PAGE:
CANTON – As the nation prepares to remember the terrorist attacks of Sept. 11, 2001, one local church is working to counter the recent rise in demonstrations of anti-Islamic feelings, from demands not to build an Islamic Center near Ground Zero to threats by a Florida preacher to publicly burn copies of the holy book of Islam, the Koran.
The Unitarian Universalist Church of Canton has placed a banner on the front lawn Thursday afternoon, extending greetings to Muslim members of the larger community who celebrate the end today of Ramadan, the annual Muslim month of fasting and prayer.
“Eid moubarak” is the Arabic greeting that Muslims all over the world extend to each other to wish a “blessed Eid,” the feast day that marks the end of the holy month of Ramadan in the Islamic calendar.
The banner is decorated with the silhouette of a mosque, characteristic of an Islamic place of worship, and the Flaming Chalice symbol that represents Unitarian Universalism. Beneath the Arabic greeting, are the words, “Wishing You a Blessed Holiday.”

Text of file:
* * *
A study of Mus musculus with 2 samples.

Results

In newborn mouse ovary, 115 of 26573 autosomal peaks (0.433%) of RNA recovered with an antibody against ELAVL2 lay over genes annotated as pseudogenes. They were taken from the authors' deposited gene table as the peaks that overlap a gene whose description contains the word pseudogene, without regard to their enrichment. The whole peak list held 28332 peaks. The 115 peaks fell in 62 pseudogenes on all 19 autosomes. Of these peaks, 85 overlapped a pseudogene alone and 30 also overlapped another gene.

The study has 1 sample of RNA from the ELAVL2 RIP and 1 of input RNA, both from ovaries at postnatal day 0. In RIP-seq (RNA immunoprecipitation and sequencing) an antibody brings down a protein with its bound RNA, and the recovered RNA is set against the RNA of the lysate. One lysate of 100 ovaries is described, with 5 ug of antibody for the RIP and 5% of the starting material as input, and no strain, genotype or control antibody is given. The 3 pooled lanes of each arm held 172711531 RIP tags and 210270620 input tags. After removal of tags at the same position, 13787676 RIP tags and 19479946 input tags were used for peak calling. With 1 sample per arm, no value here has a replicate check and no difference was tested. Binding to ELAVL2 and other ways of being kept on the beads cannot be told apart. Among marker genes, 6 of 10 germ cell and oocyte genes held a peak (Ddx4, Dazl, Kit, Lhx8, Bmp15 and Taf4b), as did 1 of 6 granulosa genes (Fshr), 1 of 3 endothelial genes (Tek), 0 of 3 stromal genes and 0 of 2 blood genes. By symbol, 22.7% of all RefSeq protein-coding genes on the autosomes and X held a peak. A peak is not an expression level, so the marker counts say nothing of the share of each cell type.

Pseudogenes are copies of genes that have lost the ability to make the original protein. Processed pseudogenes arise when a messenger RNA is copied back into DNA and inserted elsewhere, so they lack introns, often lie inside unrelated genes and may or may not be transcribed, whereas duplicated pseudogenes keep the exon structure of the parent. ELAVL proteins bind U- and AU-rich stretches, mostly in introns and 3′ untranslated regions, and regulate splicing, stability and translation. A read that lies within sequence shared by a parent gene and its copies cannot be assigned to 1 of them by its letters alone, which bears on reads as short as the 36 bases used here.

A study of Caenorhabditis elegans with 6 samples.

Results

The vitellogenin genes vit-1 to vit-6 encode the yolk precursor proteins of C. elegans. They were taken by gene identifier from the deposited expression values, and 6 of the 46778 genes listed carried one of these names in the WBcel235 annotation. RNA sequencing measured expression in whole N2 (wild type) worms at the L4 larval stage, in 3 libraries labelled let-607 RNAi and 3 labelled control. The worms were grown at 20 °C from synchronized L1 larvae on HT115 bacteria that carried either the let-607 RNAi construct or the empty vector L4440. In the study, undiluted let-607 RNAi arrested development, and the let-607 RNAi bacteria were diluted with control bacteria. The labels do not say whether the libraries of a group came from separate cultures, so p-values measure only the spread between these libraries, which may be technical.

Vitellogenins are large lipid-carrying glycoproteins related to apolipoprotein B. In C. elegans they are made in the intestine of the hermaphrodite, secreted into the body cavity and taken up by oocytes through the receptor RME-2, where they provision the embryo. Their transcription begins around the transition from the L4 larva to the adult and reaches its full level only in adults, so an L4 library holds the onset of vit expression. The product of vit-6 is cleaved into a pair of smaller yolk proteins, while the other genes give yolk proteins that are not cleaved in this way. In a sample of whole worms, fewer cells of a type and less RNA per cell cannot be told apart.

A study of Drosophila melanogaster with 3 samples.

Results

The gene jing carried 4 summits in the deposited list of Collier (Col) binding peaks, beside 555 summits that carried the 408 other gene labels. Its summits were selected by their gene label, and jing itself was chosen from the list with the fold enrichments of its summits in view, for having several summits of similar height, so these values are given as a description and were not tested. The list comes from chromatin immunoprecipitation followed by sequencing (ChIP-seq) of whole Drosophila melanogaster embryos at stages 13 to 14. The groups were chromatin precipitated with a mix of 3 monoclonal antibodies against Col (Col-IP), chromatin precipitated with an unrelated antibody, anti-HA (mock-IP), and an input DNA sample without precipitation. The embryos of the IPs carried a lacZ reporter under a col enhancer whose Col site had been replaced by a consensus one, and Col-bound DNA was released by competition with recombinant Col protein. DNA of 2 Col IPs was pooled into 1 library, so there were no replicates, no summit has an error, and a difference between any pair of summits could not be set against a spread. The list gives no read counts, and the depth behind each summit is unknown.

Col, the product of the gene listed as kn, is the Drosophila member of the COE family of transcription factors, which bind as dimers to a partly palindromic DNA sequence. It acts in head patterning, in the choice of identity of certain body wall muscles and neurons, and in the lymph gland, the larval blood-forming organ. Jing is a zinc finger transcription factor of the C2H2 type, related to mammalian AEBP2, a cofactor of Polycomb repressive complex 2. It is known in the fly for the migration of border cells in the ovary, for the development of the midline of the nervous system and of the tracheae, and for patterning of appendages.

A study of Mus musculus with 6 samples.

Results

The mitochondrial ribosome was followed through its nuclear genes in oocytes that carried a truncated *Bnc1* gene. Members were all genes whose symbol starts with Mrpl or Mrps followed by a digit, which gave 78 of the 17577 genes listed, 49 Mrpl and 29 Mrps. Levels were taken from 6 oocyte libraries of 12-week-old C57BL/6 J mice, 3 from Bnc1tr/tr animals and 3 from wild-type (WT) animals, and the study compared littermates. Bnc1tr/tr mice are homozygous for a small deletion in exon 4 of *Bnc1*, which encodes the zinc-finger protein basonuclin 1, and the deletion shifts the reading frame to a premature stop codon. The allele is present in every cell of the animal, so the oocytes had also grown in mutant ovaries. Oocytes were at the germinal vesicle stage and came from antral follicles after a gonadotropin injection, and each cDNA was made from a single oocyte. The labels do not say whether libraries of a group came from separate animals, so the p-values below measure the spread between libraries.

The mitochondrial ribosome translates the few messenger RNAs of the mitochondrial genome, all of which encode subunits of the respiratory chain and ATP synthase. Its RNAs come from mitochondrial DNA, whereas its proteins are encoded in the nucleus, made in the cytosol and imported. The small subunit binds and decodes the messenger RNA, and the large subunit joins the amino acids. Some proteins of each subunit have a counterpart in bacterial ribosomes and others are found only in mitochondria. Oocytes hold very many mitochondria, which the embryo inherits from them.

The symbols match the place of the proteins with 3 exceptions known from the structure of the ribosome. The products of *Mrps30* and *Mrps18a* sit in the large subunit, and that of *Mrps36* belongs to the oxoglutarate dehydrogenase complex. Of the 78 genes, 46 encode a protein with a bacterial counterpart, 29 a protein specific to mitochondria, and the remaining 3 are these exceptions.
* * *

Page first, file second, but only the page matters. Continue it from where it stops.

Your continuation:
The banner was placed at the suggestion of the congregation’s new minister, the Rev. David S. Blanchard, and was endorsed by the governing council of the church.
The Unitarian Universalist religious tradition honors, respects, and draws inspiration from all of the world’s spiritual texts and teachers, said a news release explaining the placement of the banner.
“Our decision to place the banner this year is a response to widespread anti-Islamic rhetoric and acts of hate,” explained Reverend Blanchard.
“It is a reminder to Muslims in the North Country that their way of religion has the respect and support of this congregation. The banner affirms the principle of religious freedom within our country, and the value of religious diversity within our local communities.”
The Unitarian Universalist Church, 3 1/2 East Main St., welcomes all to Sunday services and religious education for children at 10:30 a.m. To learn more visit www.uucantonny.org.